Washington, D.C., December 29, 2022 – The Alzheimer’s Association and the Alzheimer’s Impact Movement (AIM) commend the passage of the fiscal year 23 (FY23) budget, which was signed into law today and included critical bipartisan policy priorities to address Alzheimer’s and dementia across the nation. This legislation included key provisions of the bipartisan Equity in Neuroscience and Alzheimer’s Clinical Trials (ENACT) Act (S. 1548 / H.R. 3085), language to strengthen the Food and Drug Administration’s (FDA) accelerated approval pathway, a $226 million increase for Alzheimer’s and dementia research funding at the National Institutes of Health (NIH), and $33 million to implement the BOLD Infrastructure for Alzheimer’s Act (P.L. 115-406).
“The Alzheimer’s Association and AIM commend bipartisan congressional champions for their continued commitment to those impacted by Alzheimer’s and all other dementia,” said Robert Egge, AIM executive director and Alzheimer’s Association chief public policy officer. “Today we saw our nation take a significant step forward to increase the participation of underrepresented populations in Alzheimer’s and other dementia clinical trials, strengthen the accelerated approval pathway to ensure more people can gain earlier access to new and innovative treatments, and ensure a robust Alzheimer’s and dementia research budget at the NIH and critical investment in the Alzheimer’s public health response. On behalf of the Alzheimer’s community, thank you to our advocates and our congressional champions for their tireless efforts.”
Advancing Equity in Alzheimer’s Clinical Trials
To ensure future treatments and means of prevention are effective in all populations, Alzheimer’s and other dementia research must be reflective of all Americans. The ENACT Act, introduced by Representatives Lisa Blunt Rochester (D-Del.), Jaime Herrera Beutler (R-Wash.), John Curtis (R-Utah), Christopher Smith (R-N.J.) and Maxine Waters (D-Calif.) and Senators Ben Ray Luján (D-N.M.) and Susan Collins (R-Maine), seeks to advance equity in Alzheimer’s clinical trials.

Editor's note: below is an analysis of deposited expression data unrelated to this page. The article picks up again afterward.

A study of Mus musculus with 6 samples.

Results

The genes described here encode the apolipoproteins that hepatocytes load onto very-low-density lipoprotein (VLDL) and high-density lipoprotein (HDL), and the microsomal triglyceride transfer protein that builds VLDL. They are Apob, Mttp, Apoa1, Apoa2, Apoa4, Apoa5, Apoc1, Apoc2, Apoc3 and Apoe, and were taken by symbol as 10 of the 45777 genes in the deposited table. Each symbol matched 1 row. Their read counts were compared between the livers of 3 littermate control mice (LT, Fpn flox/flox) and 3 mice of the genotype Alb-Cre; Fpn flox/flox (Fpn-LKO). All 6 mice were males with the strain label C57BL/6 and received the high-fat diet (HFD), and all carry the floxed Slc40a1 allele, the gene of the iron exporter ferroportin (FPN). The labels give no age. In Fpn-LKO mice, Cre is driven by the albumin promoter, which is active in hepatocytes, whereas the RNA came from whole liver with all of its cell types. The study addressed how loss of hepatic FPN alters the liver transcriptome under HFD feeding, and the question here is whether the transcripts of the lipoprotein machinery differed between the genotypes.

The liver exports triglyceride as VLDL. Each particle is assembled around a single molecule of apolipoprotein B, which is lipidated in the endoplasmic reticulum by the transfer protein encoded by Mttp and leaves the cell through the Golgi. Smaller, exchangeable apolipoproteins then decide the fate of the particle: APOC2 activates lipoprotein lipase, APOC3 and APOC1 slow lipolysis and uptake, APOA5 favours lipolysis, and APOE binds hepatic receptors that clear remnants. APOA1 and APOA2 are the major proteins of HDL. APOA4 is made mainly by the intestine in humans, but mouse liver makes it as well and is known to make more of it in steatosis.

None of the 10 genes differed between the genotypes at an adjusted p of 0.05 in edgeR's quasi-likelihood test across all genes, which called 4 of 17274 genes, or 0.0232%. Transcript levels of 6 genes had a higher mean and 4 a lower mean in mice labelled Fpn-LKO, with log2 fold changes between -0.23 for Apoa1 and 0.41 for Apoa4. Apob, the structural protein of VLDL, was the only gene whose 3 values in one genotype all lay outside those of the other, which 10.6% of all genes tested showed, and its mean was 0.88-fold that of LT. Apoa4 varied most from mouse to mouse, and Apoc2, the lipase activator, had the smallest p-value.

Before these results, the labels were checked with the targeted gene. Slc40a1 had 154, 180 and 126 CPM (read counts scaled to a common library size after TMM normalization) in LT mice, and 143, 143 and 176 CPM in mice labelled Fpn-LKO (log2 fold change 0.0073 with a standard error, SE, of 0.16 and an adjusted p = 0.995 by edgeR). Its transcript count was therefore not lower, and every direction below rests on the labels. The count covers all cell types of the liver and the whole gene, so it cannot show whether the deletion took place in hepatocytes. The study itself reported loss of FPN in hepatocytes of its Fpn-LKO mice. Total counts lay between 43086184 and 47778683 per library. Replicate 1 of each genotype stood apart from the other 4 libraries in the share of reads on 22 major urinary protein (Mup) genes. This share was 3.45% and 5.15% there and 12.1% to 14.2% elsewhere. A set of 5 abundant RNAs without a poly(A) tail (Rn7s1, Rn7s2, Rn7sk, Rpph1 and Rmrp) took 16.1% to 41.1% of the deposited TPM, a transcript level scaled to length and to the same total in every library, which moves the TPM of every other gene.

The key provisions of the ENACT Act included in this legislation will advance this goal by expanding education and outreach to these populations, encouraging the diversity of clinical trial staff and reducing the burden of participation.
Thanks to bipartisan congressional champions and dedicated advocates, our nation has taken action to address health disparities in Alzheimer’s and dementia research.
Strengthening the Accelerated Approval Pathway
Lives have been saved, extended and improved because of the use of the accelerated approval pathway. Through the pathway, people living with an unmet medical need — like Alzheimer’s and other dementia — can gain earlier access to new and innovative treatments.
By including critical elements first introduced in the bipartisan Modernizing Accelerated Approval Act by Senators Susan Collins (R-Maine) and Tim Kaine (D-Va.), this critical tool will be preserved and strengthened. The FDA will better utilize the accelerated approval pathway, set benchmarks for accelerated approval development plans and strengthen transparency throughout the process.
AIM was proud to work with bipartisan congressional champions and other voluntary health care groups to strengthen the FDA’s accelerated approval pathway.
Investing in Research and BOLD Infrastructure for Alzheimer’s Act
Thanks to the leadership of longtime congressional champions, including Sen. Roy Blunt (R-Mo.), Sen. Patty Murray (D-Wash.), Rep. Rosa DeLauro (D-Conn.) and Rep. Tom Cole (R-Okla.), a sustained investment in Alzheimer’s and dementia research continues into FY23. The legislation includes a $226 million increase for Alzheimer’s and dementia research funding at the NIH.
The omnibus bill also includes $33 million to implement the BOLD Infrastructure for Alzheimer’s Act (P.L. 115-406). The BOLD Infrastructure for Alzheimer’s Act directs the Centers for Disease Control and Prevention (CDC) to strengthen the public health infrastructure across the country by implementing effective Alzheimer’s interventions focused on public health issues such as increasing early detection and diagnosis, reducing risk and preventing avoidable hospitalizations. It also establishes Alzheimer’s and Related Dementia Public Health Centers of Excellence, providing funding to state, local and tribal public health departments and increasing data analysis and timely reporting.